The United States military had been seeking the authority to arm its drones in Niger before the recent ambush of US forces there, three defense officials tell CNN.
The military is still seeking the authority to arm the drones in the wake of the ISIS attack, the officials added, with one saying the effort has gained greater urgency.
The government of Niger must give permission to allow the arming of US drones there, something it has yet to do, according to one official.
The US State Department has been leading the effort to persuade the Nigerien government to permit the arming of drones.
The chairman of the Joint Chiefs of Staff, Gen. Joseph Dunford, told reporters Monday that remotely piloted drone aircraft arrived overhead within minutes of the soldiers’ request for support.
But a defense official told CNN that the US drones in Niger are not authorized to be armed, which prevents them from conducting airstrikes in support of the troops on the ground.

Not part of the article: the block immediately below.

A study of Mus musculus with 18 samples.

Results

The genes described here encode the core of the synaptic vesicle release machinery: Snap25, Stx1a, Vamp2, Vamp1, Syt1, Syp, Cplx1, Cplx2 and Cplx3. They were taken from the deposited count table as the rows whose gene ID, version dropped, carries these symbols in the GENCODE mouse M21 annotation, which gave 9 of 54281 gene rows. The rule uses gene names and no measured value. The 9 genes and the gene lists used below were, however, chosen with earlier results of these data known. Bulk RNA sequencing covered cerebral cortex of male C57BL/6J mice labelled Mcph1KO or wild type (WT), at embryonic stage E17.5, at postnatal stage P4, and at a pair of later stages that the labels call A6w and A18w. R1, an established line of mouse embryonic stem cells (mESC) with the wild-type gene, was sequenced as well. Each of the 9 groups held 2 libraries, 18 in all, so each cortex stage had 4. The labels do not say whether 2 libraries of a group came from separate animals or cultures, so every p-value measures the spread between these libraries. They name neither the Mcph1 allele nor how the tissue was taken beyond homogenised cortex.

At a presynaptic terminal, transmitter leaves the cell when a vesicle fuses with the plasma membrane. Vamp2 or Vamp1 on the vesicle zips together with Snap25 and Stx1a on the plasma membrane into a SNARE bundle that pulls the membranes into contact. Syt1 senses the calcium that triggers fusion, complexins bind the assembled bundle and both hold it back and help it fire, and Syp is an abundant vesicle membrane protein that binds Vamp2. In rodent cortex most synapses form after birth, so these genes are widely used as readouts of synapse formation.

The French military does have the authority to arm its aircraft, including drones, in Niger. In a September speech, French Minister of the Armed Forces Florence Parly announced France’s decision to arm its drones.
But the armed French Mirage jets that arrived on scene two hours after the ambush began did not attack the ISIS militants because they couldn’t distinguish enemy and friendly forces on the ground. Several officials have said the jets might have had a deterrent effect, forcing the attackers to disperse.
One defense official told CNN that the construction of a new US drone base at Agadez could facilitate the arming of US drones, as the military is cautious about storing munitions at the current base of drone operations, the main civilian airport in the capital, Niamey.
Asked Monday if the drone that responded to the request for air support had the authority to strike, Dunford declined to comment.
“I’m not going to talk about what our capabilities are in the region, but that particular capability that was there within minutes did not strike,” Dunford said.